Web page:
Spirit of place: There’s no place like Claremont

On Sunday, October 13 from 10 a.m. to 4 p.m., the 2019 Claremont Heritage Home Tour, Spirit of Place: There’s No Place Like Claremont, will feature six outstanding Village homes.

Home tour weekend events include the sunset reception on Saturday, October 12 from 6 to 8 p.m. that will take place at the Garner House.

The exhibition opening for The Treasury of Claremont Music will take place during the sunset reception, which will also be open during the tour, and will feature live musical performances.

The photo exhibition will include biographies of Claremont artists who have left their mark on the local, regional, national and international music scenes. The exhibition will also be the launch of The Treasury of Claremont Music webpage on the Claremont Heritage website, which will contain photos, biographies and music of the artists. The home tour includes:

The Scudder House:?Scripps College

Built: 1906 Style:  Craftsman

This home was the first house to be built on the north side of Ninth Street between College Avenue and Harvard.  It has all the characteristics of a true Craftsman bungalow with its wood siding, rock foundation, low pitched roof and sheltered front porch. 

The home was built by William Beach, who was the Vice President of the First National Bank of Claremont and the treasurer for the city of Claremont. From 1928 until the 1950s the home was owned by Doremus and Mabel Scudder. Upon their leaving, the home was converted into apartments and was rented for a number of years, until returning to a single-family residence. Today, the house serves as the home of the Scripps College President.

 

The Brehaut House (Descombes)

Built: 1927 Style: Spanish Revival

This Indian Hill Boulevard house is on the tour for the third time, having been on in 1989 and 2004. However, this time the home has been recently restored and remodeled by Hartman-Baldwin. The home features all the classic elements of the Spanish Revival style. The exterior has an asymmetrical shape with a prominent front wing and large arched window.

Designed by local architect Walter Fuesler, the original owners, Lloyd and Belle Brehaut moved to Claremont in 1915. Lloyd Brehaut was the first Pacific Electric Railway agent and oversaw the building of the Pacific Electric Depot at College and First Street, which was later demolished in 1970.

 

The Abernethy House (Elliott)

Built: 1917 Style: Prairie

This large Prairie style home features low horizontal massing with stucco walls and a tile roof. It was the home of one of Claremont’s most prominent businessmen, Martin Abernethy, president of the First National Bank of Claremont. Today the bank building still stands, now known as the Verbal Building and home to Pizza ‘n Such at the corner of Yale and Second Street.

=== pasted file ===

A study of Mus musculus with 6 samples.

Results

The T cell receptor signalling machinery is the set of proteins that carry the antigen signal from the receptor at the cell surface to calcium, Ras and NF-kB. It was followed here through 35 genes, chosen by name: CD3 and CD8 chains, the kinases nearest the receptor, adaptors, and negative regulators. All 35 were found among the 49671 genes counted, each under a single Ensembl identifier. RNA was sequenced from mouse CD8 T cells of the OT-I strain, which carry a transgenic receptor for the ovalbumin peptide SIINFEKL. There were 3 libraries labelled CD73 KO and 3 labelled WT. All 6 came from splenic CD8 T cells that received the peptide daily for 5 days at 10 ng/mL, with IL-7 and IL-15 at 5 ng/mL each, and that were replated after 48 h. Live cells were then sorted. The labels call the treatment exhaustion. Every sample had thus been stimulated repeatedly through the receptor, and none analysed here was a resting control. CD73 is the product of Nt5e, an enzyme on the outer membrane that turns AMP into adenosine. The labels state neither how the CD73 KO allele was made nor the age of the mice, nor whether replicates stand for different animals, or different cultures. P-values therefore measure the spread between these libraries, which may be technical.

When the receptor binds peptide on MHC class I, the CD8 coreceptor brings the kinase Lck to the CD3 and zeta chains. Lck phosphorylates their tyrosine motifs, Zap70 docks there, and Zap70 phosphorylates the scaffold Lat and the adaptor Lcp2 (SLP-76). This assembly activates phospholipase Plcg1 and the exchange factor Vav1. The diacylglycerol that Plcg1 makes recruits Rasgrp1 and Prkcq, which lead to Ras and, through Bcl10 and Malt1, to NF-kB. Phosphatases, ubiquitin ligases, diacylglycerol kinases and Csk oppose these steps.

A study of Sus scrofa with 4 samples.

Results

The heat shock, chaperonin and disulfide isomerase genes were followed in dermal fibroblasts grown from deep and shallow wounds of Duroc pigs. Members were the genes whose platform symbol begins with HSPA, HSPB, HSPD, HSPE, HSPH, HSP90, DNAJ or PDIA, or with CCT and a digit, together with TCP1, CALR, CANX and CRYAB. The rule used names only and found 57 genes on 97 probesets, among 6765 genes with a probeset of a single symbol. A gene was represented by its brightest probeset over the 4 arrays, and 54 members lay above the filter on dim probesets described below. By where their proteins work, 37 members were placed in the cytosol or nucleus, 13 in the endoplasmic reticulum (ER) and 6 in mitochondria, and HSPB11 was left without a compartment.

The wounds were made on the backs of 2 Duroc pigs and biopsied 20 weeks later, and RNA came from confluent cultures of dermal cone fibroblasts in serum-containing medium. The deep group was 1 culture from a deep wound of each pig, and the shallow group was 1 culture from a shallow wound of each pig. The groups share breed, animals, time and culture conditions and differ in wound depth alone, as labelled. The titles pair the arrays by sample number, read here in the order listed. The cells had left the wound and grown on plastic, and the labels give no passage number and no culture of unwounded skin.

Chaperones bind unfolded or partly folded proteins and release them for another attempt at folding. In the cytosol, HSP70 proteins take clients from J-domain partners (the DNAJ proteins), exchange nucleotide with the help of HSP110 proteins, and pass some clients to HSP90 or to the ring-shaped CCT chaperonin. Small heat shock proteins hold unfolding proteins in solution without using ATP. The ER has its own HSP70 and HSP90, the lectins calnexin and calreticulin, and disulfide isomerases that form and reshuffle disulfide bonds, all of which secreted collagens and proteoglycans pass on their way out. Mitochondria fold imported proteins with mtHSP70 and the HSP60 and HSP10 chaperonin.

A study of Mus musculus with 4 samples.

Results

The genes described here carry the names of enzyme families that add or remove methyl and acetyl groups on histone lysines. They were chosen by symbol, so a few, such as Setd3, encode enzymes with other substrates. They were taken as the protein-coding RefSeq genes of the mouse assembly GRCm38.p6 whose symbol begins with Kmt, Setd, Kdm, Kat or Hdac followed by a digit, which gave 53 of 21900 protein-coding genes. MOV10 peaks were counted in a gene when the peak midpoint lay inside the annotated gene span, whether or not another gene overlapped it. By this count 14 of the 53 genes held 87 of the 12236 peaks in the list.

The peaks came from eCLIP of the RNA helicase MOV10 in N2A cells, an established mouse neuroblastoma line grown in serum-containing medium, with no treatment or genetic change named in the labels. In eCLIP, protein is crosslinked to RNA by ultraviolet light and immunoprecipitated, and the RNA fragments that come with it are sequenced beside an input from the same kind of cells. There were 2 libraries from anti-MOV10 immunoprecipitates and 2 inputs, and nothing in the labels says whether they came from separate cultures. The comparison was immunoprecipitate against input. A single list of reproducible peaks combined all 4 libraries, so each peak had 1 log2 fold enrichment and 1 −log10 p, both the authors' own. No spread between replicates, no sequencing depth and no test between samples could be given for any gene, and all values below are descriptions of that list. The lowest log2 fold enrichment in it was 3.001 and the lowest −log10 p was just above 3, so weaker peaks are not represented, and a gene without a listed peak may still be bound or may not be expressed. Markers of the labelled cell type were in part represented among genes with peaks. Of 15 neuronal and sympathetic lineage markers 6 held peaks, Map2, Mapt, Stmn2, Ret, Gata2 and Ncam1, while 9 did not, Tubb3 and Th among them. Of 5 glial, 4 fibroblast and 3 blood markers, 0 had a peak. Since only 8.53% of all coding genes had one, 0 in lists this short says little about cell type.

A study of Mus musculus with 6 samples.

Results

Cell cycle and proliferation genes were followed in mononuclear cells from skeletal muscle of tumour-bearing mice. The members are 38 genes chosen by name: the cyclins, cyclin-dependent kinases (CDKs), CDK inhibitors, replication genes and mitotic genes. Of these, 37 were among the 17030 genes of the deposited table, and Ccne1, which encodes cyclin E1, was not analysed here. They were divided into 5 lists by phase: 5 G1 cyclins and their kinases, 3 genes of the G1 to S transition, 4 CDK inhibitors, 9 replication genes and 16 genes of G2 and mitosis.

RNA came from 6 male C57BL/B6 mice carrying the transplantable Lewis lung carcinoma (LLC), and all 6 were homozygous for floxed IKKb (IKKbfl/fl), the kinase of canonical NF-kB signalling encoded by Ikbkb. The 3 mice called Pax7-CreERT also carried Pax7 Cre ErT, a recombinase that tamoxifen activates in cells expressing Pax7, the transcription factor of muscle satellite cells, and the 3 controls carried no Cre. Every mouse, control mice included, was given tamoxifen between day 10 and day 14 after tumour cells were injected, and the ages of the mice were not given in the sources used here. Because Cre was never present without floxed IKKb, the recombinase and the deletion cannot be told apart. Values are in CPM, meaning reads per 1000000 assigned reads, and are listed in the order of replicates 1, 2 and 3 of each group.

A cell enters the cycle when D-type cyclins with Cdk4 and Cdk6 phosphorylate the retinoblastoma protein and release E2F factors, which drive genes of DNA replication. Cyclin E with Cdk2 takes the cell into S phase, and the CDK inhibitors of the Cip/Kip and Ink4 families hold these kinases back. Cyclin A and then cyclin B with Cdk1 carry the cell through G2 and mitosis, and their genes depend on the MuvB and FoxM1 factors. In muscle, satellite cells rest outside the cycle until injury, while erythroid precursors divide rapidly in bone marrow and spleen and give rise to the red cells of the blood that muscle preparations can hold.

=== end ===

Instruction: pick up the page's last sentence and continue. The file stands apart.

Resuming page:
The home is situated on a double lot, 100 feet wide and was built when College Avenue was the main street of Claremont where most of the city’s larger homes and college buildings were located. Abernethy was very active in community affairs and was active in founding the Indian Hill Golf Club and Claremont Missionary Home, now Pilgrim Place.

 

The Edwards House (Rosenthal)

Built: 1939 Style: Hacienda

This house was called Mexican Style and Spanish “Adobe,” respectively, when it was on the 1995 and 2010 home tour. One of the most recognizable homes in the Old Claremont neighborhood, this house was designed by Gordon Kaufmann, the Los Angeles based architect, who also designed Scripps College, the Los Angeles Times Building, and Hoover Dam.

Built in 1939, the disastrous flood of 1938 had swept through Claremont uprooting whole citrus groves and roads. The rubble from Foothill Boulevard provided most of the exterior walls for this house, made solid by four tons of reinforcing steel. The local story goes that Mr. Edwards, who was then the engineer for the City of Claremont, had the rubble from city roads dumped on his lot and subsequently lost his job and had to leave town.

 

The Wizard of Oz House:?University of La Verne

Built: 1922 Style: Prairie

At 6,645 square feet, this home is one of the largest in the Historic Claremont neighborhood. The Prairie style is evidenced by the long, horizontal line with a central section that rises above the flanking wings. The soffited eaves are also typical Prairie, yet some detailing such as the balustrade columns and red tile roof are more in keeping with revival architectural styles.  The home was built at a cost of $20,000, a huge sum at the time.

The home was built by David Crookshank, a local contractor, business owner and prominent citrus grower. He financed the construction of Crookshank Hall at Pomona College. Historically, this house is referred to as the “Wizard of Oz” house, not because L. Frank Baum, the author, lived there, but because his son purchased it in 1940 and managed the L. Frank Baum Foundation from the house. Now known as University House, it is the home of the University of La Verne President.

 

The Wingert House

Built: 1958 Style: Moderne

This home on Baughman Avenue was designed by Pomona architect Benjamin Hall Anderson, who worked with Millard Sheets on a number of local projects, including the Sheets Studio. Anderson was mainly known for his commercial and institutional work which included churches, Pomona First Federal Bank and the Pomona Civic Center with Welton Becket; however, he did a number of residential designs in the region as well.

The house is relatively small at 1,200 square feet, but it feels much larger. Part of that impression is its placement on the lot that extends the property horizontally. The façade facing the street is blank, but the viewer, when entering, is brought into nature with walls of glass that blur the dividing line between indoor and outdoor.

Advanced tickets for the reception and home tour may be purchased by visiting claremontheritage.org, or at the Garner House the day of the tour.